Top three keys used to enter UEFI BIOS Setup

May 25, 2017 | Tech Blog

There are many keys (and key combinations) used to enter UEFI BIOS setup.

Just a word of caution before we continue. Do NOT change and save UEFI BIOS settings unless you know what you are doing.

Here are the top three keys used to gain access to the UEFI BIOS setup.

  1. (or + )

To find out how to enter your system’s BIOS setup, restart your computer. As your system boots up, you may be prompted with a message that states, “Press or to enter setup,” or “Press , and to enter setup.”

If you do not see this message, the BIOS boot screen may be hidden. If it is, consult your manual… or what I do is hit the key during power on to switch the boot screen from Quiet Boot. When Quiet Boot is enabled, the text-based BIOS boot screen is hidden and replaced with the logo, typically the system or motherboard manufacturer logo.

Here is a list of keys and key combinations (including the top three):

  • + + keys (some motherboards and option ROMs)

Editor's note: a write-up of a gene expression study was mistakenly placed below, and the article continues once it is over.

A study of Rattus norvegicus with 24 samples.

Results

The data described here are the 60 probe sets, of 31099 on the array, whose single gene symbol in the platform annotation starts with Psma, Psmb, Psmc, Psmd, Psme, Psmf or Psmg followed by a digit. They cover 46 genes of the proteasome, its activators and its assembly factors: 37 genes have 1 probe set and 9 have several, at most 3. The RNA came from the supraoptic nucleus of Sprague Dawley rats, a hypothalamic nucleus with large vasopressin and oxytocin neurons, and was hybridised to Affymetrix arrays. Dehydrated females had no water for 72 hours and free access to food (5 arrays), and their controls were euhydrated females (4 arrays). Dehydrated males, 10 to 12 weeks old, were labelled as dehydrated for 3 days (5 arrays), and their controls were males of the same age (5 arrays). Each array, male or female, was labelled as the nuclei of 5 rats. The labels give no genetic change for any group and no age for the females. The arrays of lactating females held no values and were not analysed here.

• + + keys (some motherboards and option ROMs)
  • (UEFI default)
  • (UEFI default)
  • (some Toshiba notebooks)

ODMs and OEMs that ship with Aptio V (AMI UEFI BIOS firmware) on their platforms, can program the key (or combination of keys) that provide access to UEFI BIOS setup. If you are an ODM or OEM that licenses Aptio V firmware, contact us to learn how to perform this customization.

About AMI

AMI is Firmware Reimagined for modern computing. As a global leader in Dynamic Firmware for security, orchestration and manageability solutions, AMI enables the world’s compute platforms from on-premises to the cloud to the edge. AMI’s industry-leading foundational technology and unwavering customer support have generated lasting partnerships and spurred innovation for some of the most prominent brands in the high-tech industry. AMI is also a critical provider to the Open Compute ecosystem and is a member of numerous industry associations and standards groups, such as the Unified EFI Forum (UEFI), PICMG, National Institute of Standards and Technology (NIST), National Cybersecurity Excellence Partnership (NCEP), and the Trusted Computing Group (TCG).